Oudolf Garden Detroit (OGD) on Belle Isle, the newest public garden designed by world-renowned perennial garden master Piet Oudolf, will open to the public on Aug. 28.
The garden began as a letter sent to Oudolf by The Garden Club of Michigan, and after five years of work by the all-volunteer grounds crew, it is finally complete. Although record flooding in 2019 and the COVID-19 pandemic delayed the opening, the $4.7 million project will be debuted with a ribbon-cutting at 10 a.m. on Aug. 28.
“Detroit is very special to me. My bags were packed but unfortunately, this trip was not to be. This garden sits on one of the most natural sites for one of my gardens anywhere,” says Oudolf, who will not attend to the opening due to COVID-19 travel restrictions. “It’s a place where people can go and never be bored or disappointed. It is also a place that will teach you about plants because you will see plants you have never seen before or have never seen combined this way.”
After the flooding in 2019, Oudolf had to redesign the garden from scratch, OGD had to raise more money to elevate the site by three feet. It incorporates all three planting styles its designer is known for — block, matrix, and group planting — the first of his designs to do so.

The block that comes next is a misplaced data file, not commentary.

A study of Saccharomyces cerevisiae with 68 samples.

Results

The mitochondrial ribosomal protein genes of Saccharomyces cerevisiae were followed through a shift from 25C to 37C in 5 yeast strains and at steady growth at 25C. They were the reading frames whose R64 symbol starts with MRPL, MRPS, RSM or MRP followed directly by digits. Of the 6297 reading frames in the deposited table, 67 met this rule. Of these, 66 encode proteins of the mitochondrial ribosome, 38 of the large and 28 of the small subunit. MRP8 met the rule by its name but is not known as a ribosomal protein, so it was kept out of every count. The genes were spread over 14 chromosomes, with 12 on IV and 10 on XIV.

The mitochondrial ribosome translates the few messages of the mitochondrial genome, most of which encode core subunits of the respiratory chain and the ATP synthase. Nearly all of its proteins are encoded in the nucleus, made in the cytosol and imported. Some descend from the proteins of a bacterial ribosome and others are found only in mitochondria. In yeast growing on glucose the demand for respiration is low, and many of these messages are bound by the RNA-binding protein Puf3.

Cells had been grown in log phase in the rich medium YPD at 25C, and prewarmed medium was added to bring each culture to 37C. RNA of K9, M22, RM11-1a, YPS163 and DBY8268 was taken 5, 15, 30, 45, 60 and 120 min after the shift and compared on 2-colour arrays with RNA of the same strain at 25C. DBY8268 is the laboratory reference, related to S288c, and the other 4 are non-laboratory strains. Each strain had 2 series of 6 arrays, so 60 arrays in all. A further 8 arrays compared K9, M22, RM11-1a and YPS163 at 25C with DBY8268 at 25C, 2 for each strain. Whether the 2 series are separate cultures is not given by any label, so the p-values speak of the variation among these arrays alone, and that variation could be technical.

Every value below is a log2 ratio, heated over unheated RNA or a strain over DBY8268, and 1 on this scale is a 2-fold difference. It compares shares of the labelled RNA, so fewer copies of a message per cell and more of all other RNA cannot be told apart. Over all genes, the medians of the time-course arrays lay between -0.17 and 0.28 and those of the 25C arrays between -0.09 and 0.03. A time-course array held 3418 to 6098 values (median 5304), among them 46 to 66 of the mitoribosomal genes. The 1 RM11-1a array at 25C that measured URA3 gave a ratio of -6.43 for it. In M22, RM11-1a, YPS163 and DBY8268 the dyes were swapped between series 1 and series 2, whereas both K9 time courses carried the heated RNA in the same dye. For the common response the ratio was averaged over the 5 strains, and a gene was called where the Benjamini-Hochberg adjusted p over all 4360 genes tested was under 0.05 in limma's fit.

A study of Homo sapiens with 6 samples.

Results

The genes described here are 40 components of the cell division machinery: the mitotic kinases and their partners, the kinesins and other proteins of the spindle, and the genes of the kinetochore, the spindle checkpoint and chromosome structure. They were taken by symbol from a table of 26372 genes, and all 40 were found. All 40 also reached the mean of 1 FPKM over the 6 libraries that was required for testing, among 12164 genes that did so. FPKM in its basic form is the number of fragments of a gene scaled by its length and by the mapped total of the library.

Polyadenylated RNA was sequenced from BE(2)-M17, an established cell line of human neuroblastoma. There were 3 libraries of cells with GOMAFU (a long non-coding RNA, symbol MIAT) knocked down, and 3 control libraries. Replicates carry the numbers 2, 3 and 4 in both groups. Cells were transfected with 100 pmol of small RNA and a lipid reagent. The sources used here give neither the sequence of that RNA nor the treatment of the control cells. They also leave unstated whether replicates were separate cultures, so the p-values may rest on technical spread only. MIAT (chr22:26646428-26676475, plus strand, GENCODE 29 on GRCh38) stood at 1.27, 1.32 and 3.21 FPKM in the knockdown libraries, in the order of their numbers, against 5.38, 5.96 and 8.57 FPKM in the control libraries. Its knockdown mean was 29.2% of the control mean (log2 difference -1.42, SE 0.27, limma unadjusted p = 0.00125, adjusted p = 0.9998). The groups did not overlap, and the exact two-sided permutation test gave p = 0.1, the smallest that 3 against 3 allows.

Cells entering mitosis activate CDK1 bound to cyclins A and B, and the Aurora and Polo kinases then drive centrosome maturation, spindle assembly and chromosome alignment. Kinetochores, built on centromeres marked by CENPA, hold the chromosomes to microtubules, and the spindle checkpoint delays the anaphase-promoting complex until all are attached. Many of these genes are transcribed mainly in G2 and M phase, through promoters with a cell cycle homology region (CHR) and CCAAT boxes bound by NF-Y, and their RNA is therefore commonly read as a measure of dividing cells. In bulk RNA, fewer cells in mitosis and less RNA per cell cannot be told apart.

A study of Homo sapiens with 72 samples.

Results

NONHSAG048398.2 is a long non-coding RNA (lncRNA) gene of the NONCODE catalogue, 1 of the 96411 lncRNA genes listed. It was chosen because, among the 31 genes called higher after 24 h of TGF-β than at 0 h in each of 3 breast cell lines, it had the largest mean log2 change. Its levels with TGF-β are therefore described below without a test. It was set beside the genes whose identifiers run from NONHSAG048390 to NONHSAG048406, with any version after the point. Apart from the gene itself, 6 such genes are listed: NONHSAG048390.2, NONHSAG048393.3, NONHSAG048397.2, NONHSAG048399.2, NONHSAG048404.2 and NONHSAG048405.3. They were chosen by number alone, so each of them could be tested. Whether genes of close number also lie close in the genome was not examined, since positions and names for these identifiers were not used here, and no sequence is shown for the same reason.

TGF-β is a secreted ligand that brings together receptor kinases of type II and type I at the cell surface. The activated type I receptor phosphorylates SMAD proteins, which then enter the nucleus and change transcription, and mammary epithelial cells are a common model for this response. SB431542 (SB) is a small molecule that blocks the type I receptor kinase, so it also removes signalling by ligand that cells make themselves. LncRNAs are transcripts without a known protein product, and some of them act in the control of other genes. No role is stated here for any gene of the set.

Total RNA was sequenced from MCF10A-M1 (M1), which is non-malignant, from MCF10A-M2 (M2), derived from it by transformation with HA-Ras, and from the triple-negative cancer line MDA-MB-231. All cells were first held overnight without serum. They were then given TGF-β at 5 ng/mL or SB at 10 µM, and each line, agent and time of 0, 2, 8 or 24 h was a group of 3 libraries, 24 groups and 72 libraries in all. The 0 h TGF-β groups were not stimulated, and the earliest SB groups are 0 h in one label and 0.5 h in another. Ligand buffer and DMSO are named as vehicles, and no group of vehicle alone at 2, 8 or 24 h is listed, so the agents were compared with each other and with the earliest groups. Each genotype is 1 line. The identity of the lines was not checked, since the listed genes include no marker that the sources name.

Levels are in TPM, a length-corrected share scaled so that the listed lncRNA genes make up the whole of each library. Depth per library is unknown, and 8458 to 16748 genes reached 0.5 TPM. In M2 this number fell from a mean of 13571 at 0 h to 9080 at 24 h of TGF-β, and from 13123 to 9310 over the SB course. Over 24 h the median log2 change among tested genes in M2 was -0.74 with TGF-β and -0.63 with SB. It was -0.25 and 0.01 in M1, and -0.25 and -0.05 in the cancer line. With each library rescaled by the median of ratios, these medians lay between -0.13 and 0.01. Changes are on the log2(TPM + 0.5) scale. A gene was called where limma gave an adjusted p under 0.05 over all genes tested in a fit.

Michigan growers supplied 90 percent of the plants in the garden, which include 32,000 perennials and grasses, including many native species that were planted late last summer and divided into A, B, and C beds for each planting style, respectively.
“Last year, when Mother Nature sent us all to our rooms, some of us snuck out and planted an incredible garden designed by Piet Oudolf,” says Maura Campbell, OGD grounds crew spokesperson. “A public garden like this is needed now more than ever. It offers a peaceful, beautiful, and safe place to enjoy a piece of living art. It’s good for the body and the soul.”
The grounds crew worked closely with partners including The Department of Natural Resources, The Belle Isle Conservancy, The Community Foundation for Southeast Michigan, other Detroit-area foundations, and individual donors. The professional contractors and technical team for the garden included InSite Design in Ann Arbor, Anglin Civil in Livonia, and United Lawnscape in Washington.
According to Oudolf no group has ever planted one of his public gardens more expertly or efficiently as OGD. Innovations include using technology to guide the garden planting as well as educate the public via the OGD website’s plant database and interactive map interfaces.
“Every 10 days it’s a new show as the plants grow and change,” says Richard Thomas, an original OGD grounds crew member and local garden expert. “Piet’s design offers accessible year-round beauty since he designs gardens to be accessible and interesting in all seasons.”